Yemeni sues Germany over US drone strikes
The Local · 16 Oct 2014, 11:54
Published: 16 Oct 2014 11:54 GMT+02:00
Imam Salim bin Ali Jaber and his cousin Waleed, a policeman, were killed by missiles launched from American drones on August 29th, 2012, eyewitnesses told the Süddeutsche Zeitung.
They were meeting with three men believed to have connections to terrorist group al-Qaeda.
But the imam had called on local people to stand up to al-Qaeda in a sermon at Friday prayers just days before, Ali Jaber said, and his relatives were meeting the men to respond to their questions about it.
“Were it not for the help of Germany and Ramstein [airbase], men like my brother-in-law and nephew might still be alive today,” Ali Jaber said in a statement.
“I am here to ask that the German people and Parliament be told the full extent of what is happening in their country, and that the German government stops Ramstein being used to help the US' illegal and devastating drone war.”
Ramstein: a node in the drone net
The American airbase at Ramstein, Rhineland-Palatinate, is the largest US overseas airbase and a keystone of the unmanned aircraft programme.
All the data used to control the aircraft and all the images they record are transmitted from the drones via satellite to the base's Air and Space Operations Centre, and from there by fibre-optic cable to pilots on the US mainland.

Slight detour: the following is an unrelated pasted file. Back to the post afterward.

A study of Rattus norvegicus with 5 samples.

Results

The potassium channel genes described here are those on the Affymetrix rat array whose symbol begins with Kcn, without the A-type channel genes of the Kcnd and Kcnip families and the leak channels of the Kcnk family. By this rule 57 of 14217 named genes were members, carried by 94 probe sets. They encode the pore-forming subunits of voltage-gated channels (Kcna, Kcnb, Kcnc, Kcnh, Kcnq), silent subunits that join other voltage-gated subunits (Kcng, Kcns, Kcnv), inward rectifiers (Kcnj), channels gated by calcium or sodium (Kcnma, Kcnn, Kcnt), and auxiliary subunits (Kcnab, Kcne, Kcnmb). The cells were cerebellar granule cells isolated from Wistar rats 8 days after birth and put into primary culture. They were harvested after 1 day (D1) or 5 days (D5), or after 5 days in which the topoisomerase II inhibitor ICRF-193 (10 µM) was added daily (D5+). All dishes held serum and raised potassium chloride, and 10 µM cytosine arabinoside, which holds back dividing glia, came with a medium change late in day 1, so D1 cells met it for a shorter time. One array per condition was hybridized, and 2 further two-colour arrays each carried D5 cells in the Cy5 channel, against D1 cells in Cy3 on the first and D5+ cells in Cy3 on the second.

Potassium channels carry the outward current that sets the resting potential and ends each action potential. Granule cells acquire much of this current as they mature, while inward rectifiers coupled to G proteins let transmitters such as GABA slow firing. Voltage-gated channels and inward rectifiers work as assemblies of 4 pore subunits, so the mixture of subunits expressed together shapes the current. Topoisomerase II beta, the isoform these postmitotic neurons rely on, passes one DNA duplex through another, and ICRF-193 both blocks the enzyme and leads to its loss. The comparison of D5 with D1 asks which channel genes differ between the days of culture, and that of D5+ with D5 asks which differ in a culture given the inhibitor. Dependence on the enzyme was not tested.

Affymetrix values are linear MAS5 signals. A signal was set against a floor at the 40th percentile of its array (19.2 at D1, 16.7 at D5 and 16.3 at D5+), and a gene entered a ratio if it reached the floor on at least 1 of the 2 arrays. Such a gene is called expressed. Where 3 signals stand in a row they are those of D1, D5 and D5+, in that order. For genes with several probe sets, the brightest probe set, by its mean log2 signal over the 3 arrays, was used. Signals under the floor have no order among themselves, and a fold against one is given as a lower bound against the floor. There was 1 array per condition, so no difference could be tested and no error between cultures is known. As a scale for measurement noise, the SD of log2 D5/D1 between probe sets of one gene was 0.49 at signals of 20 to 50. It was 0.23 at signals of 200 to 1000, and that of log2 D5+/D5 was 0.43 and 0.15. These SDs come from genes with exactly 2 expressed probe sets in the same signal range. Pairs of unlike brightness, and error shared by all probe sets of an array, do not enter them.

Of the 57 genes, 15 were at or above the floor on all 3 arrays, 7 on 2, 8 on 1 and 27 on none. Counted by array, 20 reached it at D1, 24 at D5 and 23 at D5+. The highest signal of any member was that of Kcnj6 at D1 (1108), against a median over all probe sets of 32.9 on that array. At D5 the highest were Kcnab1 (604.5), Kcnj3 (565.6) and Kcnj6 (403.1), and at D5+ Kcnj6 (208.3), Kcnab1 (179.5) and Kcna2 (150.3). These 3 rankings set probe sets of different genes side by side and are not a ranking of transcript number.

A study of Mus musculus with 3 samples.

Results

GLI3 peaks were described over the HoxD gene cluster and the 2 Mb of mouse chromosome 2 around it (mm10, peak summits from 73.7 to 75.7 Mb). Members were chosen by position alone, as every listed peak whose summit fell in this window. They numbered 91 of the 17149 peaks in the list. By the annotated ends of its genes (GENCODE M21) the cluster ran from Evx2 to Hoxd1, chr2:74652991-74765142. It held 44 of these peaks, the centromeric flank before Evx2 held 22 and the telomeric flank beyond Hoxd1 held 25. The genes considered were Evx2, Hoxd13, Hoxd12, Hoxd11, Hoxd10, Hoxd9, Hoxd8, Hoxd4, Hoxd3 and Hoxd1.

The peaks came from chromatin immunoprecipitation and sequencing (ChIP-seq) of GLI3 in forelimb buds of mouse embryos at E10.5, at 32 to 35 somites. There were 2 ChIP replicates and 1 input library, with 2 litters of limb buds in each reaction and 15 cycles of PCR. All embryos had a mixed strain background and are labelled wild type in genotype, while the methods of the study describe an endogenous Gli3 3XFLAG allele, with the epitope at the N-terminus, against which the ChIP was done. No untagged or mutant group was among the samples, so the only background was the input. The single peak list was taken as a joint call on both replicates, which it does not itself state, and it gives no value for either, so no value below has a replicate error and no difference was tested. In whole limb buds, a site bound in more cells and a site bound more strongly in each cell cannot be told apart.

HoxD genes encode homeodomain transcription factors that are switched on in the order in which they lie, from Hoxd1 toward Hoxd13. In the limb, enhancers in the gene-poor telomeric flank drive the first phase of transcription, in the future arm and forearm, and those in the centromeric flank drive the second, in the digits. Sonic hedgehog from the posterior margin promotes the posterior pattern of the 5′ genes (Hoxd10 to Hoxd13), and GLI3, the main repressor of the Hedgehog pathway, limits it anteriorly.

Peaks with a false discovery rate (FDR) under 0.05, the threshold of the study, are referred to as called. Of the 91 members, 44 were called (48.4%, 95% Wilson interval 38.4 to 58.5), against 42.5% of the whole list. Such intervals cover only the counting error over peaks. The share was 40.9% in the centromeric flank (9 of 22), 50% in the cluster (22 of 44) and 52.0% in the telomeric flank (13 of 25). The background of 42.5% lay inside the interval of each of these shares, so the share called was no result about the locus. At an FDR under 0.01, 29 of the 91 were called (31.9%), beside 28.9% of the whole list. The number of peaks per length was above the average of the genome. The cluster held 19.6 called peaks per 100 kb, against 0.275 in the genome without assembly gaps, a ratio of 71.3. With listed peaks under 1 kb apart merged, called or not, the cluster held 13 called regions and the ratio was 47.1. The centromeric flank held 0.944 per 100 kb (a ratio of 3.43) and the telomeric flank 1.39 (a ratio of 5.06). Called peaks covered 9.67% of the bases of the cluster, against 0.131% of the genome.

Now Ali Jaber wants the German government to prevent such data transfers through its territory, saying that his countrymen are entitled to the right to life enshrined in the German constitution.
He is being supported in the case by human rights organizations Reprieve and the European Center for Constitutional and Human Rights (ECCHR).
Kat Craig, Legal Director at Reprieve, said: “The evidence that Ramstein is a crucial peg in the US drone war is overwhelming. It’s now incumbent on the German courts to uphold the principles that are enshrined in German law that make German complicity and co-operation in killing people like Salim and Waleed unlawful."
"Faisal approached Reprieve about representing him, including in legal proceedings, to get some semblance of justice for his relatives and the communities in Yemen that are being so devastated by US drones."
Andreas Schueller, from ECCHR, addedd: “Ramstein is crucial for US drone warfare. Germany has to bring it to an end – if not it is complicit in the death of civilians."
The US government has repeatedly defended its drone war saying it takes "extraordinary care" to comply with international law.
It argues the drone strikes which target terror suspects were the course of action "least likely to results in the loss of innocent life".
This is not the first court case brought in Germany over the use of its territory to support drone strikes in the Middle East.
In 2013, federal prosecutors found that a drone attack on a German jihadist in Pakistan was not a war crime, as the man was a member of an armed group.
American forces in Germany have been regulated by the Nato Status of Forces agreement since the 1950s.
The document provides that “military forces and civilian personnel are allowed to take required measures for the satisfactory fulfillment of its defence obligations on the provided premises.”
Legal experts have previously said that a successful challenge to US military activities on German soil would have to show that a crime was committed under international law.
Meanwhile, the German government has claimed in the past that it has “no knowledge” of the use to which the US facilities at Ramstein are put.
And on a state visit in June 2013, US President Barack Obama told journalists that Germany is not used as a “launching point” for drone strikes in the Middle East when challenged about the use of the base.